Sarah Pohlman

This October marks the 30th anniversary of Domestic Violence Awareness Month, and NC State and its organizations continuously make an effort to educate NC State students on the signs of domestic violence by hosting events throughout the month. However, no matter how many events NC State has and will host, many students are still unaware of the many warning signs and prevalence of domestic violence on college campuses.

The Department of Justice defines domestic violence as, “a pattern of abusive behavior in any relationship that is used by one partner to gain or maintain power and control over another intimate partner.” This abusive behavior can be physical but also includes sexual, psychological and economic abuse.

When asked about signs of domestic abuse, most college students respond with noticing cuts or bruises as a pivotal sign of abuse, but NC State’s Violence Prevention and Threat Management explains that warning signs of domestic violence are not always physical. Having a partner repeatedly accuse you of seeing or flirting with other people, being criticized or humiliated by a partner, and constant questioning about your actions and activities are all signs of domestic violence. 

“I think a lot more people are aware of the physical abuse than the emotional just because the emotional is hard to see and people don’t realize that it’s actually happening,” said Savannah Russell, a second-year studying communication.

Unbeknownst to you, domestic violence can be affecting your friends, roommates or classmates. Domestic violence affects all demographics no matter the gender, race, age or sexual orientation of the individuals, and college students make up a large portion of domestic and dating violence victims.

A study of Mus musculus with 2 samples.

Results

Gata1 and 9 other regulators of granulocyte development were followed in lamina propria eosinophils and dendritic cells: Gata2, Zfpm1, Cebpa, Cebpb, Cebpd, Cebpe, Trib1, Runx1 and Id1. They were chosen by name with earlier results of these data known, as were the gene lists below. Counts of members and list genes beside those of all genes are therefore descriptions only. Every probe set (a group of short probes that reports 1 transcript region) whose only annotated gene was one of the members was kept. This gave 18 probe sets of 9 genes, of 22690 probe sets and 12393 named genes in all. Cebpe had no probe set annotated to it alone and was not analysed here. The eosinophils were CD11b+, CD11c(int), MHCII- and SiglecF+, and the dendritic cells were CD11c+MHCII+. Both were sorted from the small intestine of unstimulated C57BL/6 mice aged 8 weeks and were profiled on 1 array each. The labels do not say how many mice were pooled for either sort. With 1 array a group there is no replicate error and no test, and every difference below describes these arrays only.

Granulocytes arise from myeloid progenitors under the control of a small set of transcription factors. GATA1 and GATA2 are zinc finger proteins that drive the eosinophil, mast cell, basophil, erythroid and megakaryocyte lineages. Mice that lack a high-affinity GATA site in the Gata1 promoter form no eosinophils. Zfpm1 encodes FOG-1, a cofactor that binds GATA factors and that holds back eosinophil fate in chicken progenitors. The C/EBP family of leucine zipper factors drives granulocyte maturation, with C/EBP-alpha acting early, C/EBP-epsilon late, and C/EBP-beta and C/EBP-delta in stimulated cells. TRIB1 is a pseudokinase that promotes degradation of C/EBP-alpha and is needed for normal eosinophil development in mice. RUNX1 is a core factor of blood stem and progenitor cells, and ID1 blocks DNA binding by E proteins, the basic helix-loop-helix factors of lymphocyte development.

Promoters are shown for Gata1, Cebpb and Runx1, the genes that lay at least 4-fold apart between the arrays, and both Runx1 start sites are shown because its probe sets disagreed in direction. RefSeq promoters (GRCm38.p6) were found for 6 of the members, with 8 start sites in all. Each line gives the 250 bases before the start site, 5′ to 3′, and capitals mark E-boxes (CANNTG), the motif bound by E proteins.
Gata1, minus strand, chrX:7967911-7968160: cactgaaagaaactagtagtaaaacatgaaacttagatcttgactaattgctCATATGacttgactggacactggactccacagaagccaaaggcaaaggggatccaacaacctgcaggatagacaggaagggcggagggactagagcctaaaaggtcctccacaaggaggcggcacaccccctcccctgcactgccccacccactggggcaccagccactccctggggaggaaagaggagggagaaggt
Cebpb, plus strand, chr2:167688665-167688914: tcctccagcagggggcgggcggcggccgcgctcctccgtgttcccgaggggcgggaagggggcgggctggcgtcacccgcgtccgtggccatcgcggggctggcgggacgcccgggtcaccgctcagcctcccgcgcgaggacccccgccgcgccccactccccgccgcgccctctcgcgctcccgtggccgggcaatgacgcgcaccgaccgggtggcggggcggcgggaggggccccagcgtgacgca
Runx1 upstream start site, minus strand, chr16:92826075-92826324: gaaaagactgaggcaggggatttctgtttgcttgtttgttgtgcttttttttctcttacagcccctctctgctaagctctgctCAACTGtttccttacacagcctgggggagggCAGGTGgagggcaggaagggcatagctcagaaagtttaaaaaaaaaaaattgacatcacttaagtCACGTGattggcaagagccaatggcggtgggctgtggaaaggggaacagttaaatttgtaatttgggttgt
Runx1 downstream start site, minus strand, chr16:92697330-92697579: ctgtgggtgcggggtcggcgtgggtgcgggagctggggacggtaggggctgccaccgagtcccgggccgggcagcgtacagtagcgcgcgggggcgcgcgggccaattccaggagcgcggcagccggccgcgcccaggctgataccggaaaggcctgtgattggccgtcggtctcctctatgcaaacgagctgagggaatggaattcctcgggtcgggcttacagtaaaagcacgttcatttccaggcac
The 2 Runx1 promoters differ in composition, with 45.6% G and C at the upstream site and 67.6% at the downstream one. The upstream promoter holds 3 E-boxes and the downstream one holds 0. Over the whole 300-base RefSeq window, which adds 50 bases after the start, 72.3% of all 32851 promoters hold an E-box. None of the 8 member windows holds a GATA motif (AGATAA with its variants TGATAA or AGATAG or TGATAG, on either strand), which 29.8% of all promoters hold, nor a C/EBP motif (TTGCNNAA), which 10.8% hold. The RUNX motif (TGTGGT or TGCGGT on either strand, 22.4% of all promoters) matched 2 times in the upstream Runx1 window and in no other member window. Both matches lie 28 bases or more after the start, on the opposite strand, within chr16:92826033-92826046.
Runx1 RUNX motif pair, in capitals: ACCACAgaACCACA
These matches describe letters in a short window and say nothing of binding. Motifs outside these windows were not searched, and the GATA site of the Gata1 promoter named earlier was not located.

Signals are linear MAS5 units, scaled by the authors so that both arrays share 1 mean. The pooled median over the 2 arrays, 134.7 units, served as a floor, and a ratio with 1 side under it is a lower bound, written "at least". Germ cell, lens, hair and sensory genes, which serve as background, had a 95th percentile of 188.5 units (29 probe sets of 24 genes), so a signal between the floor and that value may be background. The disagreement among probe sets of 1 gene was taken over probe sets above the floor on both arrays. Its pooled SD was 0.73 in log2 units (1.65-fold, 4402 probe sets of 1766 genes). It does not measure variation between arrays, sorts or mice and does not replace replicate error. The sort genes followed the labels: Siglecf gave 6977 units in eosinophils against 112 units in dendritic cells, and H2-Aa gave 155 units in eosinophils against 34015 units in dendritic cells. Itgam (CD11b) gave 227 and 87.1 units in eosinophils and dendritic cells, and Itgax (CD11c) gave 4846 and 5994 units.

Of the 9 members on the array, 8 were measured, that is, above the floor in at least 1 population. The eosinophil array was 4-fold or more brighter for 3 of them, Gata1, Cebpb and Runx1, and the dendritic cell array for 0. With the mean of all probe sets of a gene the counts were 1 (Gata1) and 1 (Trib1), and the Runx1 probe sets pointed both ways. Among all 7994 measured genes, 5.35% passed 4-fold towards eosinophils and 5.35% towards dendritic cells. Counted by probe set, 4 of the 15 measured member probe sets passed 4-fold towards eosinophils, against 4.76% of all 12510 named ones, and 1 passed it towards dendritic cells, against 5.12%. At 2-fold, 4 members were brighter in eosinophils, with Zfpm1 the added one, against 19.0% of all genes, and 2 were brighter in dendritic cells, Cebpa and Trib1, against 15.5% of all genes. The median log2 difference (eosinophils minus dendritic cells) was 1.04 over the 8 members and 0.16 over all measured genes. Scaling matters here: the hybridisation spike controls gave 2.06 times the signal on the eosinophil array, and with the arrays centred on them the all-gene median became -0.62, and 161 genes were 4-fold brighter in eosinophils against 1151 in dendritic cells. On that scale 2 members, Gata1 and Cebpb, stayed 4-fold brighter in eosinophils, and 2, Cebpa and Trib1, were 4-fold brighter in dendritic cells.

Both men and women between the ages of 18 to 24 are at the greatest risk of experiencing domestic violence. According to National Coalition Against Domestic Violence, 21 percent of college students report having experienced dating violence by a current partner, and 32 percent experienced dating violence by a previous partner.

Many victims of domestic violence do not report their abuse, and only 34 percent of people who are injured by intimate partners receive medical care for their injuries according to The National Coalition Against Domestic Violence. “They [victims of physical and emotional abuse] think there’s nothing wrong with this when there actually is,” Russell said.

Fear of judgment from others is a main factor for victims not seeking help for their abuse, so it is important to be understanding and sympathetic of the victim’s hardship.

Overall, college students lack knowledge of the symptoms of domestic violence, but there is not a lack of educational opportunities on campus to learn more about this subject. The Women’s Center, the Counseling Center and the GLBT Center all have resources that are useful to educate students and help assess potential abusive situations.

Take advantage of the events on NC State’s campus this month like IPV in GLBT community or DV in South Asian Community, which will focus on intimate partner violence and domestic violence in certain communities. Other events include Supporting Survivors 101, which will give necessary information on how to encourage and advocate those affected by domestic violence.

All of these events can educate you on domestic violence so you can notice any abusive patterns occurring in yours and others’ relationships. Be aware of all potential indicators of domestic violence — not only physical — and look out for the safety of yourself and others. Domestic violence is never the victim’s fault, but we cannot help victims if we remain unaware of its signs.